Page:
Camping in the Swedish wilderness: the Everyman’s Right
After my arrival and a first night in Hotel Sommarhagen in the Swedish Östergötland region it’s time to prepare myself for the reason I actually came here, which is camping the Swedish wilderness. Camping in Sweden is quite different than camping here in Holland. At least, the way I’m going to camp that is. Here in Sweden there is the Everyman’s Right, which is all about the right to access Swedish nature. Wikipedia also calls it Freedom to Roam and in short it means you can camp anywhere you want, at least if you stick to a certain number of rules. The Swedes call this right the Allemansrätten and the specific rules and additional information about this amazing way to enjoy the outdoors, can be found on the Visit Sweden website.
Even though I usually would use the opportunity to sleep in a tent, my host Marianne has a better idea. She suggests that my travel buddy Saskia and I hike a section of the Östgötaleden, one of Sweden’s long distance hikes passing through the Östergötland region. Along the way we can camp in a small wilderness cabin. I could not find a whole lot about this hike on the internet, at least not in English, so I’m hoping to not run into too many people. According to Marianne this is certainly not something to worry about because it will be very seldom you will run into anyone else while out on the trail, despite the fact it’s in the middle of high season.
Hiking on the Östgötaleden
The good thing about this hike is that we’ll only have to carry a daypack with some water, lunch and things we need for the night. Food, water and camping gear will be dropped off in the cabin at Mortsjön, one of the many lakes in this part of Östergötland. We are given a self-made hiking map as well as a detailed description of our upcoming hike. A few moments later we get on the way and we’re leaving the Sommarhagen property. Soon after we are passing the first lake, which already looks very attractive for taking a swim. After this one the trail leads us through the endless woods, across small hills and along ancient rocks. After a few hours we arrive at Mortsjön and we easil find the cabin. As we take a quick look inside we find all the things we may need for the night: a bag filled with food, camping gear and paddles for the canoe. As promised by Marianne, we did not run into anyone while hiking, something that is rather hard to imagine in Holland during the summer.
A deafening silence …
Upon arrival at the cabin, it’s time to prepare lunch. The cabin is located on a big rock, overlooking the lake and so it makes up for a great picknick spot. After lunch it’s time to relax for a while. We both find a spot in the sun and we soon notice the amazing silence that rules here. No cars, no planes flying over and more important: no other people. Just a very deafening silence. In a place like this it’s simply amazing to just be for a little while. To just lay down, close your eyes, leave your thoughts behind and just hear your own breath.
Canoeing in Sweden
After being lazy for one hour and enjoying the silence, it’s time to get out onto the lake with one of the canoes. The canoe that’s owned by Sommarhagen is just a few minutes walking from the cabin and within moments we are out paddling on the lake. Me in front, Saskia in the back. The lake is not very large, yet we explore every corner of it. The small inlets, the islands and the shallow parts, where logs and lilies raise up above the water surface. After some one and a half hours the sun has disappeared from the lake and we decide to head back to our camp. Here we find another spot in the sunshine and we enjoy the last warm moments of the day. We have deep conversations about life, places like these make it so easy to go into these kind of conversations. It makes me relax and inspires me.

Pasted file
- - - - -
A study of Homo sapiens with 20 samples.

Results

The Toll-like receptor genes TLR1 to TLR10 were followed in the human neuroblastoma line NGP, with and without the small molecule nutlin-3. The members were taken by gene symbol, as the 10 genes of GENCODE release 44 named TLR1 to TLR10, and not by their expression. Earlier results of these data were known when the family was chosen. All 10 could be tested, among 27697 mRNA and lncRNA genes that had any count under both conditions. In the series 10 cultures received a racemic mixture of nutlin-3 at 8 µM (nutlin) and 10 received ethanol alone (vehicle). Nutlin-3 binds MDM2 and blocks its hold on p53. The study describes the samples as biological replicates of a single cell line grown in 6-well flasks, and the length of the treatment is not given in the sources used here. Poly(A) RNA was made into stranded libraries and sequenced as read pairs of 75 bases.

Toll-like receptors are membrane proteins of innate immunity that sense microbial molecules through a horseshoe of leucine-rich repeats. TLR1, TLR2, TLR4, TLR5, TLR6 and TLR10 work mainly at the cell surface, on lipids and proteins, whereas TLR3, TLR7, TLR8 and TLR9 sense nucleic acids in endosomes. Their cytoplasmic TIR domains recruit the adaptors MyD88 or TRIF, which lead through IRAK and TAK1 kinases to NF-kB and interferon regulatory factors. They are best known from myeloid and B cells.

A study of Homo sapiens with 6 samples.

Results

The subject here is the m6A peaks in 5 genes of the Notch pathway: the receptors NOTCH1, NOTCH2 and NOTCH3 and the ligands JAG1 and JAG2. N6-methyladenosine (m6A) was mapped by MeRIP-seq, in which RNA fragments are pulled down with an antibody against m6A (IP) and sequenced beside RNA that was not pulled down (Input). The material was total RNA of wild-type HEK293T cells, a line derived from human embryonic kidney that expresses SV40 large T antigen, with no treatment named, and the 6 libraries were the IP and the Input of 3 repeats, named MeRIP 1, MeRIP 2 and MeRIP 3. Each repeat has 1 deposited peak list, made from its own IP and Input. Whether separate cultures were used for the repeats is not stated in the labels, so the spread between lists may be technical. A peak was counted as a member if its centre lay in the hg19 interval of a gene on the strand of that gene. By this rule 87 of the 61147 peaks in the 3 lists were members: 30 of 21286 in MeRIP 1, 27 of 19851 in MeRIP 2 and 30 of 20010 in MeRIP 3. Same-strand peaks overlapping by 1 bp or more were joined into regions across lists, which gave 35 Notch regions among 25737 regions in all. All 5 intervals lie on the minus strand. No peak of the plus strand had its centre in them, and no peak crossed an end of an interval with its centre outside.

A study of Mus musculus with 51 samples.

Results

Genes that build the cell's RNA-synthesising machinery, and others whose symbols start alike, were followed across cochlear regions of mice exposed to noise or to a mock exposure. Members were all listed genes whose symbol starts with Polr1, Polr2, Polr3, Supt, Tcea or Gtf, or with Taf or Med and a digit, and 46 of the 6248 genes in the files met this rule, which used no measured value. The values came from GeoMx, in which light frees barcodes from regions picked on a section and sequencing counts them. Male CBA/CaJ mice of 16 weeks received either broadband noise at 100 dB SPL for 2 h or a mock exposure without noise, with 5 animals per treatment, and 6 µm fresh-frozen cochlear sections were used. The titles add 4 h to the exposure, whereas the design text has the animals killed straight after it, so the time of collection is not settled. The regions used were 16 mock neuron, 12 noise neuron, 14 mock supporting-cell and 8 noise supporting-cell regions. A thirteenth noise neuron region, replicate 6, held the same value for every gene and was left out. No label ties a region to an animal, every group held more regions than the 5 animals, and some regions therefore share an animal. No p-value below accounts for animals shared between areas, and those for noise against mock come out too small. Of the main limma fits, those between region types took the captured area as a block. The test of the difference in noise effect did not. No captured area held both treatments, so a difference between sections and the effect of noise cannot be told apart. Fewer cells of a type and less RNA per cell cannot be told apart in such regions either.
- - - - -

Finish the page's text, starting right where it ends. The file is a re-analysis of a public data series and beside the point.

Outdoors = hunger
When the sun has finally set, it immediately cools down. We put on our long sleeves and decide to make a campfire. Even though we also have a small stove to prepare our sausages, putting them on the grill above the campfire is of course a much better way to prepare them. Saskia is a true star at making a fire from scratch and not a whole lot of time later the flames are shooting up into the open air. Together with some fresh veggies and some potatoe salad they make up for a great outdoor meal. After dinner we chat a little more and then decide that it’s time to head into bed. We roll out our mats and crawl into our sleeping bags.
That night is a special one because sleeping in the outdoors does something to you. I sleep without waking up and that has no happened to me for quite a long time. I’m warm, can smell the afterglow of the fire and within no-time after crawling into my sleeping bag, I fall into a long and deep sleep. The next morning the weather has turned and a thick layer of clouds covers up the sky. At first it’s raining but half way during the morning it stops and so it’s time to head back to Sommarhagen. We pack all our gear, leave everything behind as we found it and walk back to the land of cars and wifi, one extraordinary experience richer.
Curious what it’s like to go camping in the Swedish wilderness without having to buy all the gear? Marianne of Hotell Sommarhagen offers a large variety of options to experience a night the way we did. This way you won’t have to carry a large pack and the hike was not too strenuous, making it very accessible for anyone who wants to give experiencing the Swedish outdoors a try. In case you don’t like it or want to be picked up, you can walk to a gravel road a few steps away from where you can call Marianne.
Want to read more about outdoors and Sweden? Then you may also like the following posts:
– From Sweden with love: why I want to stay forever
– Outdoors Finland: 10 things to do in Saimaa
– Ice skating in Stockholm with ICE Guide
[I was invited on this trip by Visit Sweden. All options are, as usual, nothing but my own.]